The rejection of the Department of Justice’s Federal Wire Act puts the sports betting and online gambling scene at risk
On Biden’s inauguration day, the Federal Circuit Court rejected the Justice Department’s (DOJ) 2019 proposal to modify and improve the Federal Wire Act.
Back in 1961, Congress introduced the Interstate Wire Act of 1961, also known as the Federal Wire Act, which prohibits the operation of specific betting businesses in the US.
This was introduced due to their concern that sports betting and the bookmaking black market was providing sophisticated organised crime groups the power and wealth they needed to succeed.
Whoever being engaged in the business of betting or wagering knowingly uses a wire communication facility for the transmission in interstate or foreign commerce of bets or wagers or information assisting in the placing of bets or wagers on any sporting event or contest, or for the transmission of a wire communication which entitles the recipient to receive money or credit as a result of bets or wagers, or for information assisting in the placing of bets or wagers, shall be fined under this title or imprisoned not more than two years, or both.
The Wire Act introduced in 1961 was held for quite a substantial time, some 40 years, until Bush decided to make sure that the Act will cover all forms of online gambling, a position that the majority of legal experts disagreed with.
This resulted in the Wire Act returning back to its original roots in 2011 – covering sports betting only.
Controversially, however, there is a slight problem for those advocating for the legalisation of sports betting and online gaming. The issue – the lack of a comma in the Federal Act. This grammatical blunder has effected all types of online gambling which means that all the states that have legalised sports betting and mobile gambling, are violating the Act.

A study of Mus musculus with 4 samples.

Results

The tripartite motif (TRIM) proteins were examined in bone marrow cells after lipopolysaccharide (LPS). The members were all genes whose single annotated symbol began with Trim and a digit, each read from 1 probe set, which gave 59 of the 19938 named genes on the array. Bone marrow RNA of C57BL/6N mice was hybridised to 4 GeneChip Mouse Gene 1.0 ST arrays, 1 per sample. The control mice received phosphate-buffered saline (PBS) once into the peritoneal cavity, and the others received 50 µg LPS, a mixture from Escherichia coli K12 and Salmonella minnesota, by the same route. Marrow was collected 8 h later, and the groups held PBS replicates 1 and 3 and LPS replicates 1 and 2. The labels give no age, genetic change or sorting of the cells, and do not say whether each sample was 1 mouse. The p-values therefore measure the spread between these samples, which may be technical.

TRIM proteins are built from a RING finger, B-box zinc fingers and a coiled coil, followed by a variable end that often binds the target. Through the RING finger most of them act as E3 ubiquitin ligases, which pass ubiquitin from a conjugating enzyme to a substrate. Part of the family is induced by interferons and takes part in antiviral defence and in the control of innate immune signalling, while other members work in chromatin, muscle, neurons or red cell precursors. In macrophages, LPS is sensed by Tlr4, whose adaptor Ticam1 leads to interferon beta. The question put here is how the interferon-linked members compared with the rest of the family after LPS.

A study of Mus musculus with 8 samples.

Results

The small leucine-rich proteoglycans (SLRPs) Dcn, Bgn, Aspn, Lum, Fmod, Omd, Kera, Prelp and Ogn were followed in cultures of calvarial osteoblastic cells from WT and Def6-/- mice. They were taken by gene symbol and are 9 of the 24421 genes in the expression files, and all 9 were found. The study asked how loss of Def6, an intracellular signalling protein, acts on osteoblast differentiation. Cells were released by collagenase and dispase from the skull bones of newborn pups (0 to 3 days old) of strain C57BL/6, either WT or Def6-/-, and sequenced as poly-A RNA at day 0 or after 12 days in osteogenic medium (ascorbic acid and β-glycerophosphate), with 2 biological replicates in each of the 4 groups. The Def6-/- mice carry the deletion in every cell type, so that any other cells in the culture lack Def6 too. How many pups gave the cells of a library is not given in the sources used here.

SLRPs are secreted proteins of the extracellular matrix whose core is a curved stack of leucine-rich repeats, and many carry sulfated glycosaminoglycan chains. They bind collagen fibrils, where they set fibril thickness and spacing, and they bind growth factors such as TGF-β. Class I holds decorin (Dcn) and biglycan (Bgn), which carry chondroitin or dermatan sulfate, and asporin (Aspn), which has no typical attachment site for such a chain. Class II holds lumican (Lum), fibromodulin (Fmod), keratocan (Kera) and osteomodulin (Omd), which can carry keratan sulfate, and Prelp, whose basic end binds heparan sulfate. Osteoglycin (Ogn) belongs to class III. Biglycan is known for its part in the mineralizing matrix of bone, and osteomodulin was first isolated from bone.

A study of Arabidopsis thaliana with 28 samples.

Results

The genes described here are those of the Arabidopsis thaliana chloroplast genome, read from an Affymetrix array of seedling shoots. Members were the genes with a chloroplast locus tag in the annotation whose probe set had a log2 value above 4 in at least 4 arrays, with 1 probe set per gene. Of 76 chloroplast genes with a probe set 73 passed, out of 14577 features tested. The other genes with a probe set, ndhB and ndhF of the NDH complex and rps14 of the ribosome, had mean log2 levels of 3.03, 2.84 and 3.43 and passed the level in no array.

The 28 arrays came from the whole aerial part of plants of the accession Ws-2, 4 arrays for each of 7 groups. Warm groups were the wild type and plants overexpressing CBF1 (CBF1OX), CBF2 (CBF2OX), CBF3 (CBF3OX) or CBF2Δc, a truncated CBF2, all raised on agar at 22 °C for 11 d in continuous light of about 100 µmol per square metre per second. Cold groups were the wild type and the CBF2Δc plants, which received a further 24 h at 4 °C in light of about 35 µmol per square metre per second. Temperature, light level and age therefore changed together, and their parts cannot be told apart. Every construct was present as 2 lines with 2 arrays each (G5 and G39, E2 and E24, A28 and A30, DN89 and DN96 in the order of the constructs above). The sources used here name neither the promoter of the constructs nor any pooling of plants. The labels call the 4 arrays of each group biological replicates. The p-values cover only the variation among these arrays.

This led to the Department of Justice to set in motion ‘an opinion’ in November 2, 2018, published in January 2019, looked to reverse the 2011 opinion, stating that the Wire Act’s restrictions are ‘not uniformly limited to gambling on sporting events or contests.’
Unfortunately the DOJ’s 2019 reinterpretation of the Federal Wire Act has been rejected by the Court. This has raised concerns among professionals and gaming experts that this could bring an end to online gambling activities, online lottery ticket sales and mobile sports betting.
Sadly, this rejection comes at the same time when the US were finally opening up to sports betting and online gambling as many states were looking at these betting activities as an alternative source of tax revenue.
The clause is undoubtedly badly written – and federal courts usually look to language of a statute when clarifying the meaning. Therefore, the Wire Act may be stuck in a loop since there are many ways to interpret the content of the Act.
The questions one must ask are – Will the DOJ seek a rehearing? Will there be enough pressure from several states to turn the decision around? What will happen to the future of online gambling in the US – a sector that just started to take off? or will Attorney General Merrick Garland overturn the decision himself?